Since every machine has its own vibration signature, drifts in a machine’s vibration can indicate potential faults. There’re multiple types of vibration sensors available to keep tabs on a machine’s vibration, and a widely used vibration sensor is the piezoelectric vibration sensor. A piezoelectric vibration sensor (also called piezo vibration sensor) mounted on a machine can detect when and how the machine’s vibration pattern changes.
Oh, this post is not about using piezo vibration sensors for machine condition monitoring or similar tasks because my real intention at this time is to give you a quick introduction to the MiniSense 100 Vibration Sensor (www.meas-spec.com) which’s very popular in the hobby electronics/robotics world.
MiniSense 100 – Functional Description
The MiniSense 100 is a low-cost cantilever-type vibration sensor with a flexible PVDF sensing element loaded by a mass to offer high sensitivity at low frequencies. Horizontal and vertical mounting options are offered and its pins are solderable.
The MiniSense 100 acts as a cantilever-beam accelerometer that can be used to detect either continuous or impulsive vibration or impacts. When the beam is mounted horizontally, acceleration in the vertical plane creates bending in the beam, due to the inertia of the mass at the tip of the beam. Strain in the beam creates a piezoelectric response, which may be detected as a charge or voltage output across the electrodes of the sensor.
- High Voltage Sensitivity (1V/g)
- Over 5V/g at Resonance
- Horizontal or Vertical Mounting
- Shielded Construction for Improved RFI/EMI Rejection
- Solderable Pins, PCB Mounting
- Low Cost
- Analog Output
- < 1% Linearity
- Up to 40Hz (2400 RPM) Operation Below Resonance
- Voltage Sensitivity (open-circuit, baseline): 1.1V/g
- Charge Sensitivity (baseline): 260 pC/g
- Resonance Frequency: 75 Hz
- Voltage Sensitivity (open-circuit, at resonance): 6V/g
- Upper Limiting Frequency (+3 dB): 42Hz
- Linearity: +/-1 %
- Capacitance: 244pF
- Dissipation Factor: 0.018
- Inertial Mass: 0.3gram
Note that, for excitation frequencies below the resonant frequency of the sensor, the device produces a linear output governed by the above-mentioned baseline sensitivity but sensitivity at resonance is significantly higher.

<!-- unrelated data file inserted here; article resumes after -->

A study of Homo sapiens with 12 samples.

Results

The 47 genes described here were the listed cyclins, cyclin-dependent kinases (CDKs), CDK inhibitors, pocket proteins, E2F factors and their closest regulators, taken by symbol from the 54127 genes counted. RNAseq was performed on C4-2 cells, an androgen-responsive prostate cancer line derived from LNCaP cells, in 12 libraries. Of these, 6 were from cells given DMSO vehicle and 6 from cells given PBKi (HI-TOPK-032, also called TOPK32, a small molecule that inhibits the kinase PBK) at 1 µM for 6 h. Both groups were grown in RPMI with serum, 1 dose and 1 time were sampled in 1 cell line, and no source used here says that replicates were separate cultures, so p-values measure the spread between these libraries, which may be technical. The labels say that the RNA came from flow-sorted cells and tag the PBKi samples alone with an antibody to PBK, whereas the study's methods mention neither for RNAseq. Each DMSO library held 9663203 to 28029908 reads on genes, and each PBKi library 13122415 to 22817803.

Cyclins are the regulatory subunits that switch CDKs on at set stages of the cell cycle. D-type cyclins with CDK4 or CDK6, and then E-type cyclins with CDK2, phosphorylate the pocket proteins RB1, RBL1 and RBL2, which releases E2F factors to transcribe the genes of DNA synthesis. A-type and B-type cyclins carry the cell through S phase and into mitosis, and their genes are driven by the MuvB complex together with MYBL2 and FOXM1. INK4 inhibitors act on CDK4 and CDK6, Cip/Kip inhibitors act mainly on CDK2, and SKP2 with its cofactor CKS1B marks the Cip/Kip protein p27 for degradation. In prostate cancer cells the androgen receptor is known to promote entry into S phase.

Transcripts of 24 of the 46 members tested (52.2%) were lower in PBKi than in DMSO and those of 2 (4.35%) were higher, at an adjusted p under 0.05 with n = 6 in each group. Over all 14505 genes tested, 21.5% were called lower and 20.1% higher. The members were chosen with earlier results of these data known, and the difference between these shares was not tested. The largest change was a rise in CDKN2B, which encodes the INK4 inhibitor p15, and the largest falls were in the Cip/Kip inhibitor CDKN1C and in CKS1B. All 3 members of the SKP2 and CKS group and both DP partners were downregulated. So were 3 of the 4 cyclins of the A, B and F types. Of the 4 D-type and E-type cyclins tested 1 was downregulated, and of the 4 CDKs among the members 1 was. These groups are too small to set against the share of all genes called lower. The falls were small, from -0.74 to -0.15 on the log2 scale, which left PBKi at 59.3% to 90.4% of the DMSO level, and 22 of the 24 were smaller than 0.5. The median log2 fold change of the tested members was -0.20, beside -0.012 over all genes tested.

MiniSense 100 – Random Ramblings
The MiniSense 100 sensor acts electrically like an “active” capacitor, so it may be modelled as a perfect voltage source with an output voltage proportional to applied acceleration in series with the quoted device capacitance. And, any external input or load resistance will form a high-pass filter, with a roll-off frequency calculated from the formula: f(c) = 1/(2πRC).
The impedance of the sensor is approximately 650 MΩ at 1Hz.
Now we’ve to do a little bit of maths
Let’s assume we want the cut-off frequency to be at 10Hz. At this point, the magnitude of the sensor signal will fall to 0.707 level (-3dB roll-off). Using the above formula, we can calculate the required load resistor value: R = 1/(2πfC) = 1/(2πx10x244x10-12) = 65MΩ.
And, a 650MΩ load resistor is required for 1Hz!
This obviously denotes that to get a low-frequency response, we need a high-value load resistor or high input resistance for the next stage!
Take note, the oscilloscope is a resistive load
In most instances, the first evaluation of a sensor starts with connecting it to an oscilloscope via a scope probe. Under normal electronics circumstances, the scope probe can be considered to be an “infinite impedance”, so its effect on the sensor under test can be neglected.
But it’s not so with a piezo film sensor in many cases!
See, a typical scope probe, when plugged into an oscilloscope, have an effective resistance of 1MΩ. Usually, an oscilloscope and its probe are modelled simply as a pure resistance, although in reality there will be a very small capacitance (30pF to 50pF) associated with the probe and the cable. But this can be neglected if the sensor’s capacitance is significantly higher in value.
In short, if we connect the MiniSense 100 to an oscilloscope, we get a high pass filter (HPF).
In front of a dangerously high voltage
A very crucial point to note down at this time is that the sensor output can reach over ±80V on high accelerations or when vibrating at its resonant frequency (you might get more on a more substantial impact). Therefore, you cannot plug it directly into a microcontroller or other low voltage circuits, it will potentially damage sensitive parts. You’ve been warned!
MiniSense 100 – Quick Test
Probably there’s no need to explain how I did the quick test. As you can see in the oscilloscope capture below, the sensor output is a sine wave that decays rapidly. Even under a lame impact, it delivered a reasonably high output voltage (~7V p-p).
MiniSense 100 – Get Ahead!
The MiniSense 100 seems like a great sensor for detecting accelerations, shocks, vibrations, etc. I hope this post inspires you to tackle your own vibration sensor projects. Ultimately, it’s up to the maker (yes, you) to evaluate the sensor’s response and use it in a project.
After the bulk of this post had been drafted, I built a simple shock/impact/vibration sensor alarm using MiniSense 100 and ran a couple of field trials successfully. Well, check back later to get it!